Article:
Speaking at a high level panel discussion on the future of air transport at the Conférence de Montréal, ICAO Secretary General Dr Fang Liu emphasised that aviation’s key drivers for change which are guiding the sector’s response to the challenges of future aviation include the doubling of global flight volumes projected during the 2030s and the complexity and diversity of the new commercial space and remotely-piloted entrants needing to be integrated in the skies alongside conventional air services.
On the subject of remotely-piloted entrants, Dr Liu said ICAO sees the arrival of urban aerial mobility (UAM) and unmanned aerial vehicle (UAV) technology as “as an evolution” rather than a revolution. She added, “By this I mean not only the millions of smaller drones being used for an almost endless variety of purposes around the world today, but also many other aircraft types. At one end of this spectrum we’ll see autonomously controlled aircraft navigating residential and urban environments to taxi us to local destinations and deliver goods.”
This part of Dr Liu’s presentation is of particular note because her words contrast to a degree with discussions this month at a Parliamentary Joint Select Committee (Science & Technology and Defence) on the use of drones in the UK and their security implications.
During these proceedings expert witnesses indicated that there are in fact very few examples of unmanned vehicles being developed for use as personal taxis or to deliver goods directly to consumers at home (‘the final mile delivery’ as it is known). That is a technology that lies very much in the future and which would be subject to very strict regulation that has not yet even been considered in most countries.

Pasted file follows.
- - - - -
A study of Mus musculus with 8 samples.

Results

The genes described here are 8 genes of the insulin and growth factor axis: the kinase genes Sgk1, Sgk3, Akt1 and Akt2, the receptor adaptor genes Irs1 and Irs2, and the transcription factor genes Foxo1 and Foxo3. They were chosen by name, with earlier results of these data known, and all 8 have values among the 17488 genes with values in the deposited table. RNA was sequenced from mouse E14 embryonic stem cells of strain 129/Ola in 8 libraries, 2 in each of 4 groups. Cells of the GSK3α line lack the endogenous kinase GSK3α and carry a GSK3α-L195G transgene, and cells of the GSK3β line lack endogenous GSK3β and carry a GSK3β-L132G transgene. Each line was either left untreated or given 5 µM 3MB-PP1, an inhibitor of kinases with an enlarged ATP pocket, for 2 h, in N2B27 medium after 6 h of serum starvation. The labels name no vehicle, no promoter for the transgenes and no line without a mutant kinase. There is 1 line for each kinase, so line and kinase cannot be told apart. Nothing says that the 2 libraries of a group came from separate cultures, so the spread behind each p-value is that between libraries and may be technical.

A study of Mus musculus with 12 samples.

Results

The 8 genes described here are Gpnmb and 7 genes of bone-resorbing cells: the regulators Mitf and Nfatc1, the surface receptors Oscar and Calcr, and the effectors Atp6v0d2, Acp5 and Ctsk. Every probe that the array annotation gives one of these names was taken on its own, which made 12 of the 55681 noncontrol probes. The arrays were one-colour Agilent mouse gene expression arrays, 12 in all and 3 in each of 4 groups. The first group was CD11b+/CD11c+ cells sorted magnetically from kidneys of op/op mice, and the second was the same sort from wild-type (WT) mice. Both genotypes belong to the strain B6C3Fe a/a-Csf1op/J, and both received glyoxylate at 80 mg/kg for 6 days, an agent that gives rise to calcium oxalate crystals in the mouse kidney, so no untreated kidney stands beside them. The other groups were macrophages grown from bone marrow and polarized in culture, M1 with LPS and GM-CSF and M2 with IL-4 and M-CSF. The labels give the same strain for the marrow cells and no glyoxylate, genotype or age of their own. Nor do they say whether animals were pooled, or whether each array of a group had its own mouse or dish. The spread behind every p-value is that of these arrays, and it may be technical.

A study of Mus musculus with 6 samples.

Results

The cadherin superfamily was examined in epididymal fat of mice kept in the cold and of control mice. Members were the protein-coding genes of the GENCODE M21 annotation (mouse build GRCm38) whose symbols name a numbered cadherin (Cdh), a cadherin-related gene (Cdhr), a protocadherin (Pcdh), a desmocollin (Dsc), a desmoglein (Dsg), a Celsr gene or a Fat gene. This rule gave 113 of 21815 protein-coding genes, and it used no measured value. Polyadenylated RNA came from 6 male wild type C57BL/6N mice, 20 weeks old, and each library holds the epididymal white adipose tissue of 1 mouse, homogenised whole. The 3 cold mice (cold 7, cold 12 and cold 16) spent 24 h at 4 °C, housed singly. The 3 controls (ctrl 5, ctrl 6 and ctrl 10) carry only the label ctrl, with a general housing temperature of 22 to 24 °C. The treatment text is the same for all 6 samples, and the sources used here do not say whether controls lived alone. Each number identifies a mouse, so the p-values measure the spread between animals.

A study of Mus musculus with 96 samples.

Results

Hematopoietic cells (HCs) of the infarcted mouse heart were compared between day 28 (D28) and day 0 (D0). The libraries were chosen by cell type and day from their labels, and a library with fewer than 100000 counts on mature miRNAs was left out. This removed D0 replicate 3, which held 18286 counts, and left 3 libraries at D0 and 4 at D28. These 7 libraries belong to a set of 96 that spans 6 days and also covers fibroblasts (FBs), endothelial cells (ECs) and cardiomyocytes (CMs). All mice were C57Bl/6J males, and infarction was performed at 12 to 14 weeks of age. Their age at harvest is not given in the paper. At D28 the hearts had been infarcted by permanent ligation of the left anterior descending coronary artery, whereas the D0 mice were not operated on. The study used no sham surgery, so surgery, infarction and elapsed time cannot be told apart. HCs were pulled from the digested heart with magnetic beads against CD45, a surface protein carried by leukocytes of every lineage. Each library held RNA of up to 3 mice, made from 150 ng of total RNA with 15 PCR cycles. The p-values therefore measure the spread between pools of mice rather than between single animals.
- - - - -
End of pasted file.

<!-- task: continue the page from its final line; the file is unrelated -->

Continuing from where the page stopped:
The other side of the coin is the rapid development of smaller drones for use within an airport environment for the collection and delivery of goods and parts, and also for outside such environments for delivery of medical supplies, surveying work (structures, pipelines) and emergency work such as finding people lost in harsh environments.
However, that development in the UK is subject to scrutiny by the Civil Aviation Authority (CAA) primarily on safety grounds. Each country will have its own set of regulations governing such activities although there will be recommendations from the appropriate UN body (i.e. ICAO) just as that entity provides Standards and Recommended Practices across the aviation spectrum.
Investigations have already begun into how UAVs and UAMs (collectively Unmanned Traffic Management or UTMs) might be integrated into ATM functions, in many countries. In the UK the main project was ‘Operation Zenith’ which took place at Manchester Airport involving the airport, NATS (National Air Traffic Services), Altitude Angel, an aviation technology company specialising in UTMs, and 13 delivery partners from the public and private sectors. Eight different scenarios for UTM utilisation were examined (for example, ‘on-airfield delivery’ and ‘safeguarding’ [the detection of unauthorised drones]).
What stood out in this Parliamentary Committee exchange is that the CAA is not directly concerned with security aspects of drone use. The focus on safety has been prompted by the events at London Gatwick Airport in Dec-2018 when multiple sightings of one or more drones closed down the airport completely.
The message coming out of this Parliamentary exchange is that the ramifications of the UAV technologies and the ever-evolving uses to which they can be put is likely to tax both national and pan-national authorities, and ICAO, for some considerable time to come. Just as the Boeing 737 MAX may not be flying any time soon in the airspace of many countries even if the FAA approves it the US, ICAO must be aware that the security implications of UAVs that are so far avoiding international scrutiny may well prompt national governments to draw up and implement their own rules, and they may be draconian.